Pot Boom and Big Agriculture

The growth of farming — legal and not so legal

The cannabis market is just too big to ignore, according to some of the pot entrepreneurs taking advantage of the burgeoning marijuana growing market in Colorado.

With the passage of Colorado’s 2012 Amendment 64, anyone 21 years or older, now has a constitutional right in Colorado to possess and consume marijuana. Non-residents of Colorado are restricted to purchasing ¼ ounce in a single transaction.


Related: Edible Weed is Half Baked

Also too big to ignore is California’s quasi-legal pot industry. Marijuana is the largest cash crop in the state of California. Yet it is not legal in California, the way it is in Colorado.

Under California law, possessing up to an ounce or less of marijuana is a civil infraction similar to a speeding ticket, thanks to a law signed in 2010 by Gov. Arnold Schwarzenegger. Senate Bill 1449 reduced the charge of possession of up to one ounce of cannabis from a misdemeanor to an infraction, with a $100 fine and no mandatory court appearance or criminal record.


These poorly written laws and initiatives have effectively made marijuana quasi-legal in California, pitting state and federal officials against each other and growers begging for regulations.

Across the state of California, there are an estimated 50,000 small pot farms.

Across the state of California, there are an estimated 50,000 small pot farms. In the past decade, there has been a steady increase in the amount of cannabis cultivation in Shasta, Tehama and Humboldt counties, according to the California Department of Fish and Wildlife’s Watershed Enforcement Team. And the biggest problem with the unregulated marijuana cultivation in California are the pot farmers who illegally divert water, according to the Fish and Wildlife agency.

Related: Pot Pushed for PTSD

The problem is particularly serious and even dangerous along California’s North Coast in beautiful Mendocino, Humboldt and Trinity counties, known as the Emerald Triangle, the largest cannabis-producing region in the world. In Humboldt County alone, the Fish and Wildlife agency estimates there are about 4,000 grow operations. The California marijuana industry is estimated to produce about 20 million pounds of pot annually.

The California marijuana industry is estimated to produce about 20 million pounds of pot annually.

However, the region’s sheriffs say most of the small farmers want rules and regulations for growing.

Unlike California, Colorado regulates its pot growing industry. Tommy Moore of the Colorado Department of Revenue, Marijuana Enforcement & Taxation division explained that as of July 31, there are 759 licensed medical marijuana cultivation growers, and 480 licensed retail marijuana growers in Colorado.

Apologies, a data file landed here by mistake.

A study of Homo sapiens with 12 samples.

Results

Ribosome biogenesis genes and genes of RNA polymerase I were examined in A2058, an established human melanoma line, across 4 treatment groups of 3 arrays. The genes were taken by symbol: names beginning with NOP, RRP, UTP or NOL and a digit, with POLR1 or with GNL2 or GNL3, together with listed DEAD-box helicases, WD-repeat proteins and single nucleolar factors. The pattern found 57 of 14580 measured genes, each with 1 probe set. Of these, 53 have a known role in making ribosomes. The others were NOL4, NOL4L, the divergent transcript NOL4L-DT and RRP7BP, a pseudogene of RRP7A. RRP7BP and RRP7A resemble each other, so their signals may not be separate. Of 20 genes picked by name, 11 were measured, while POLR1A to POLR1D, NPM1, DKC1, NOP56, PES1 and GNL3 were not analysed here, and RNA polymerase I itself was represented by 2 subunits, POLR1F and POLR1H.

However, “licensed does not mean operating,” Moore said. “All medical and retail marijuana businesses must be licensed by the state Marijuana Enforcement Division and licensed and approved by their local jurisdictions.”

How does Colorado regulates the growers.

“The licensed marijuana cultivation grower businesses are licensed and regulated by the State’s Marijuana Enforcement Division,” he said. “The MED is the authority in charge of enforcing the medical and retail marijuana rules.”

Interestingly, it appears the medical marijuana industry in Colorado is flattening out. The Marijuana Enforcement Division’s 2015 Mid-Year Update shows very little growth in the number of licensees, licensed marijuana businesses and medical marijuana sold in Colorado.

But the retail marijuana industry is growing, as the Two Rivers Water & Farming Co. has shown, by leasing out its land to licensed recreational marijuana growers. The “Average Cultivated Vegetative & Flower Plants” blossomed up from 219,688 cultivated plants in January, to 283,551 plants in June. The Average Medical Marijuana Cultivated Plants dipped from 304,149 in January, to 302,090 in June.

According to the office of California’s Sacramento County Sheriff Scott Jones, the majority of the grows the sheriff encounters are illegal “and definitely impact the county.”

Just last week, Sgt. Jason Ramos said they conducted a four-day operation in Sacramento County cornfields, in the heart of California’s agricultural valley, and eradicated 48,011 illegal marijuana plants. Ramos said they were only able to destroy approximately a quarter of what was there, because of very limited financial resources. As a result, the majority of the marijuana will be harvested before the Sheriff’s office can fund another operation, Ramos said.

“Water intended for food crops is diverted to irrigate marijuana,” said Ramos. “On average, a marijuana plant requires approximately six gallons of water a day prior to maturity. If you look at the number of plants we eradicated last week, about 288,000 gallons of water were being used daily for the plants.”

And as with the northern California counties, Ramos said that the illegal cultivation of marijuana introduces many chemicals, fertilizers, and pesticides into the surrounding agriculture crops.